What’s the difference between

US 1 trillion dollar coin
Old 10 trillion dollar note

Both come from notionally democratic republics. Both come from a Treasury with the power to create money. Both come from areas with excess deaths due to the wide prevelance of gun ownership.

On the face of it the latter instrument is better, since it has a bigger number printed on it. As MMT’ers often say, anybody can create money. The trick is getting somebody else to accept it.

In this case, the point of the exercise is to gain a credit in the Treasury General Account (TGA) at the US Federal Reserve. So what will the Fed offer for these two tokens, and why?

What is a bank?

At its core a bank is a fairly simple operation. It takes something physical of value and creates an amount of its own liabilities in return. So a mortgage, despite common belief, isn’t a loan; it’s the charge over the property. That is what the bank has created as a financial derivative of a property and which the bank owns as security for the liabilities it has issued against that charge. The property owner is then given a schedule by which they can buy back that charge over time. Once that is complete the mortgage is ‘discharged’.

The bank won’t offer the full price of the property in return for the charge. Instead they will only give a smaller amount. This is known as the haircut. The difference between what you are given now, and the amount you have to give back to re-purchase the charge is known as the ‘discount’.

Thus banks make their money by taking or deriving collateral assets, giving them a haircut and discounting those assets into liabilities they create just for that purpose. The circulation of those liabilities is what we call ‘bank money’.

In essence a bank is a glorified pawnbroker that issues its own money to pawn items, rather than using money issued by somebody else.

Depositing coin

Given that banks make money from discounting, why would a bank ever offer the face value for a coin or a note? Generally they don’t quite. You get charged for depositing cash (or at least a large amount of cash) at a bank, and that fee is the bank’s discount. However the discount is usually small (I get charged £0.70 per £100).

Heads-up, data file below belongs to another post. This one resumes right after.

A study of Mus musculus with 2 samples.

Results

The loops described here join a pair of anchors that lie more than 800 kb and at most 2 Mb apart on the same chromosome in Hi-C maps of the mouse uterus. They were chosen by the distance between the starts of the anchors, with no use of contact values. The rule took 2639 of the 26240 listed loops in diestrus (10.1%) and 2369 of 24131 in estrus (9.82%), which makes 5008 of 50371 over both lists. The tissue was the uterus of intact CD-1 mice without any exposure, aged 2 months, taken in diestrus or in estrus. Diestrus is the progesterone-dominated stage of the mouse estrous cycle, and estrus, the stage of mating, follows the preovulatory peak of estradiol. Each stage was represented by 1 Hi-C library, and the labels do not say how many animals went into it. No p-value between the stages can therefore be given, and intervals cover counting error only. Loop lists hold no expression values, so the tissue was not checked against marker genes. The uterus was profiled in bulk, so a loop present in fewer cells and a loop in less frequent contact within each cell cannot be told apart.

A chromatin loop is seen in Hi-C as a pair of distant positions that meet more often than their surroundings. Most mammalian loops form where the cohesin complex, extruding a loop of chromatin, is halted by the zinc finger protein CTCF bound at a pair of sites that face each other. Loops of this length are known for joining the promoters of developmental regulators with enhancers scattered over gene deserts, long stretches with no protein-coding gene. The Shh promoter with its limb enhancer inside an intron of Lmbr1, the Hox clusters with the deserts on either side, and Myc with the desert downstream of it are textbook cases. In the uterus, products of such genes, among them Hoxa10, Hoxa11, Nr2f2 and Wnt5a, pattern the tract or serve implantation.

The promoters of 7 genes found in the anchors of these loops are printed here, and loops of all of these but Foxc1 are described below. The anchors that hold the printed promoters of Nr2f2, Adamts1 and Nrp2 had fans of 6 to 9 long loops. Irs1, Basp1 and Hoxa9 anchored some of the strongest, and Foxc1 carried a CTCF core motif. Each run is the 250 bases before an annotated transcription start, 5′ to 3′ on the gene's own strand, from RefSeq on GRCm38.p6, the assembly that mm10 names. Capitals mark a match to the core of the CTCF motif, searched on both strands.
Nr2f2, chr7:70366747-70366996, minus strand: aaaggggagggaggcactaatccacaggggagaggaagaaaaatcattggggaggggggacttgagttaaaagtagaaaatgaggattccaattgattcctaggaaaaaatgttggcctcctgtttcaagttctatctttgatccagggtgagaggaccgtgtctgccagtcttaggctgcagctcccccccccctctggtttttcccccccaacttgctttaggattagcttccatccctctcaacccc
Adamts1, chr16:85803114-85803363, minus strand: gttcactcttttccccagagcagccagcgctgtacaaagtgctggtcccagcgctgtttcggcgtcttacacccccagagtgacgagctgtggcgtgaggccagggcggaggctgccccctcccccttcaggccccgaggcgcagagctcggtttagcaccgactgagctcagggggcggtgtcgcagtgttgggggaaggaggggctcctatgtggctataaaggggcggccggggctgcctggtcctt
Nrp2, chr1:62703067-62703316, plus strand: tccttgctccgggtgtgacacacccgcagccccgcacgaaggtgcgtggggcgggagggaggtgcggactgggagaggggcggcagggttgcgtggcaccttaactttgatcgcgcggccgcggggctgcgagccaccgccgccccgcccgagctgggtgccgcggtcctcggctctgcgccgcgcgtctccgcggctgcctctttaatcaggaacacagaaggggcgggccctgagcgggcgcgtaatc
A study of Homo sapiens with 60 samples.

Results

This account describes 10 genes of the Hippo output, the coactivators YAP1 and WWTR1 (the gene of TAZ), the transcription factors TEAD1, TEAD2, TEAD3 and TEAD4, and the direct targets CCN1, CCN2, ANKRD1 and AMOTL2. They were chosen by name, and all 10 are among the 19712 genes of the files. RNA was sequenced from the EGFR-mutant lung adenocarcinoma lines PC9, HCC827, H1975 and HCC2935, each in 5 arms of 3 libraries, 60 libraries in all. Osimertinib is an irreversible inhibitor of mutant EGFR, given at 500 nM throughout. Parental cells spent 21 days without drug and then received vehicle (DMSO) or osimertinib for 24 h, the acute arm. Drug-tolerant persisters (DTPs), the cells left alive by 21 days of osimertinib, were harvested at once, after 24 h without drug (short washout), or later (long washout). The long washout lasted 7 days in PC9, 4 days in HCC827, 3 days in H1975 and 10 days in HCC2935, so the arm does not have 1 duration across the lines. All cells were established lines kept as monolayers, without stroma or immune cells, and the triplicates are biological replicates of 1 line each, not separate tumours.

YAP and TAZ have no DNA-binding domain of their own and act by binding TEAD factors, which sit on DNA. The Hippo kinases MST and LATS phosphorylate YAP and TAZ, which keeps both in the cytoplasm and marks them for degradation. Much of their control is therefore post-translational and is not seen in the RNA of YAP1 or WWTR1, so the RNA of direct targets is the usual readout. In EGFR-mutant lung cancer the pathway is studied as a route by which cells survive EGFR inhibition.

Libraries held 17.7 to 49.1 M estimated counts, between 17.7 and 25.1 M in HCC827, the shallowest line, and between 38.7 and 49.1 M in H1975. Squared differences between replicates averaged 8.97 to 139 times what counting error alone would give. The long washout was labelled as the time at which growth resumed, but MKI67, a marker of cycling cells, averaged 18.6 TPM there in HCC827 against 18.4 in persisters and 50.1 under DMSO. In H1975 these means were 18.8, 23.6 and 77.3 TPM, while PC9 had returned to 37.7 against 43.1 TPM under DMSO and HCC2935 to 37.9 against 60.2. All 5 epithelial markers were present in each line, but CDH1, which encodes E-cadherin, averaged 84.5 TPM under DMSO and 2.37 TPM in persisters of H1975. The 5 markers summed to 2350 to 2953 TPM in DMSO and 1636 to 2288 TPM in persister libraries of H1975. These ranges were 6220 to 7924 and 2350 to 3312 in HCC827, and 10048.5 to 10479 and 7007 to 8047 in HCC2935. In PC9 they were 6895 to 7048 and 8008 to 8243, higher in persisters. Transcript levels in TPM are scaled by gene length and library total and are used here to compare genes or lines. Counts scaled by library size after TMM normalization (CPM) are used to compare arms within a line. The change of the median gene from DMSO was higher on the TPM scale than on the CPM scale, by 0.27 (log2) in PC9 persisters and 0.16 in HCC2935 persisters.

The reason the bank is happy to take cash at near the face value is because they can sell it on for that face value and get a reserve credit at the central bank. The entity they can sell it back to is the Treasury that issued it.

Here in the UK coins are minted by the Royal Mint on the orders of HM Treasury. These are sold directly to the bank coin clearing system in return for transfer of bank reserves to HM Treasury. However HM Treasury stands ready to repay those coins on demand. There is a contigent liability listed in the Consolidated Fund accounts.

Contingent liability for coins

Should there be a sudden rush to get rid of coin, HM Treasury would have to pay out £4.6bn, which it can do easily at any time given that the UK has a ‘seigniorage’ clause in the legislation that allows HM Treasury to order the Bank of England to make the payment(1).

The problem in the USA is that the TGA isn’t fully elastic and the debt ceiling limit means it can’t go any further. Very quickly banks may start to feel that notes and coins are no longer exchangeable at face value from the Treasury for bank reserves.

What does this mean for The Coin

Certainly when presented with a Trillion Dollar Coin from a clearly fiscally constrained Treasury, the Federal Reserve may wish to consider a substantial haircut to manage its risk. That may be as severe as treating the coin as a lump of platinum bullion or, at best, as a novelty collectors token. So it may only issue a few dollars against it.

Much as it would if presented with a ten trillion dollar Zimbabwe note, and for the same reason. The Treasury behind it is broke.

There doesn’t appear to be a legal requirement for banks to take coin at face value. It happens because market forces push the value of the coin towards its face value - all due to faith that Treasury will swap their coin one-for-one for bank credit on demand.

“Legal tender” doesn’t help. Legal tender just says you can pay your debts in court with notes and coins. It says nothing about the acceptance of the currency in the normal course of business. Certainly nothing about acceptance at a bank, let alone the central bank. There is no creditor here discharging a debt.

Moreover if Treasury hits its debt ceiling it cannot redeem normal dollar notes and coins at face value, which could mean banks will stop accepting them for deposit, or start to discount them as they do with foreign notes and coins.

I wonder if those clinging to the debt ceiling limit have considered that they may inadvertently undermine the acceptibility of the physical currency within the financial system. All because they don’t understand how money works in a modern money economy.

Taxes to the rescue

It’s next to impossible to pay your taxes with cash in the UK now. However the US isn’t that far down the line. So if banks start seeing your notes and coins as a bit suspect, it is still worth full value for credit against US tax bills. Exactly as MMT explains.

(1). Coin redemption is a standing service and is repayable from the Consolidated Fund under s13 Exchequer and Audit Department Act 1866.